What can we do to protect ourselves from a terrorist attack, and how can communities respond most effectively if the unthinkable should happen? The next large-scale terrorist attack on the United States could be carried out using any number of agents and delivery methods, including anthrax, smallpox, the water system, the agriculture industry; threats to bridges, tunnels, trains, airlines, and other transportation systems; suicide bombings in crowded cities, convention centers, and shopping malls; the possibilities are many, but not endless. Local preparation is critical. Until now, scant attention has been paid to the role of communities in preparing for and responding to terrorism. This invaluable set covers chemical, biological, radiological, nuclear, and explosive scenarios. Throughout, the focus is on community preparedness and response. Volume I, The Terrorist Threat and Community Response, focuses on local, state, regional and federal coordination of efforts and interaction. Volume II, The Role of Community Organizations and Business, includes chapters on the public health system, counterterrorism training, cyberterrorism, negotiating with terrorists, nonprofit organizations, and schools. Volume III, Communication and the Media, addresses the role of the media in alerting the public to a terrorist attack, and the need to prevent terrorists from using public information against the very citizens the media is trying to serve in times of crisis.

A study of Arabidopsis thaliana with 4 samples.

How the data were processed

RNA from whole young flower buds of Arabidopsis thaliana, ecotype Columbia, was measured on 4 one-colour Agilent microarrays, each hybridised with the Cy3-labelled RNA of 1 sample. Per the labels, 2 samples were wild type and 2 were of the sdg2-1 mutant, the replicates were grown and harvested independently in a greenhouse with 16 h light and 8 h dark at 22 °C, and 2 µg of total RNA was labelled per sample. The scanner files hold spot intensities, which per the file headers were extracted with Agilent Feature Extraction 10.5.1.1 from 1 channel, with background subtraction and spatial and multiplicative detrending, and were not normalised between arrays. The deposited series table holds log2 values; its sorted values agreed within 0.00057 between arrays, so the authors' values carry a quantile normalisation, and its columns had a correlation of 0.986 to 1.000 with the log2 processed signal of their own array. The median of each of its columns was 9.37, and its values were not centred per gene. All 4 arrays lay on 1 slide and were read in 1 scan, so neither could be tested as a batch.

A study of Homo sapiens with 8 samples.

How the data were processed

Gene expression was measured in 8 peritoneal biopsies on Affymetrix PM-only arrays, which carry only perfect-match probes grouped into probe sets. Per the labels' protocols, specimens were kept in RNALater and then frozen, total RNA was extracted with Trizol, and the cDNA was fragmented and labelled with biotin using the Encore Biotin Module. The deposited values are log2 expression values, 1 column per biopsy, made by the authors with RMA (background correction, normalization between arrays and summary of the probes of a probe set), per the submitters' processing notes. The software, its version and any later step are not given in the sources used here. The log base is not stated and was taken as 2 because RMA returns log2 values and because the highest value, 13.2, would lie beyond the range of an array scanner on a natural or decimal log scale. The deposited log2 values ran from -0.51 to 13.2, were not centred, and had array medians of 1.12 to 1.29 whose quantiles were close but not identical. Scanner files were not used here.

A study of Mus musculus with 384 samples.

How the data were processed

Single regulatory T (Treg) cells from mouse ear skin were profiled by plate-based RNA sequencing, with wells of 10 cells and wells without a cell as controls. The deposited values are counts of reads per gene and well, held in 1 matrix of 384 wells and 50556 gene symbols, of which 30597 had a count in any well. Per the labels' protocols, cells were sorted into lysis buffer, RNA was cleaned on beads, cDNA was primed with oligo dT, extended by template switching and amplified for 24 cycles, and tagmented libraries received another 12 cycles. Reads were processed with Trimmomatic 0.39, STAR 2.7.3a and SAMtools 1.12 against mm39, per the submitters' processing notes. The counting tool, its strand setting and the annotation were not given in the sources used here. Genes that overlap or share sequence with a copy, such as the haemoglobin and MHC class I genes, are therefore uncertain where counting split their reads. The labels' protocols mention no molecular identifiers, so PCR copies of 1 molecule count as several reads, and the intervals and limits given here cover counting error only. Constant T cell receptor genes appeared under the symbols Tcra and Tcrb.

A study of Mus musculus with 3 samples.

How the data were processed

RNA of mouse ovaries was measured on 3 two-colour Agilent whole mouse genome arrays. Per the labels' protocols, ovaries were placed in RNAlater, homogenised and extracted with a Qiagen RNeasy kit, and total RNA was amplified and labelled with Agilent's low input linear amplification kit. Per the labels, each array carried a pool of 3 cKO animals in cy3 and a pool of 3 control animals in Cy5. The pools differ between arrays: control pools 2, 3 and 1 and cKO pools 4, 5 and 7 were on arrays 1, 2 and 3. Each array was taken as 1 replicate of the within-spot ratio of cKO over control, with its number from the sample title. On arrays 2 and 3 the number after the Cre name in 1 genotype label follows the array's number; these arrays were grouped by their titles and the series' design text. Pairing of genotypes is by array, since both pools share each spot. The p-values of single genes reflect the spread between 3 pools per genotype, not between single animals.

About the Author
JAMES A. JOHNSON is Professor of Health Sciences at Central Michigan University. He has published nine books on a wide range of health-related topics. He is actively involved in international health development, including work with the World Health Organization.
MICHAEL H. KENNEDY is Associate Professor at Central Michigan University teaching in the Doctor of Health Administration Program. His 28 years in health services administration have been spent in academic and operational positions, and his involvement with contingency preparations dates back to the mid-1980s when he was the administrator of a stabilization team at Landstuhl Army Regional Medical Center in Germany.
NEJDET DELENER is Associate Dean for Academic Affairs and Professor of Marketing and International Business at the Tobin College of Business, St. John's University. He has lectured at over 60 conferences and seminars, and has served on many editorial boards. He is executive editor of the Journal of Global Business and Technology.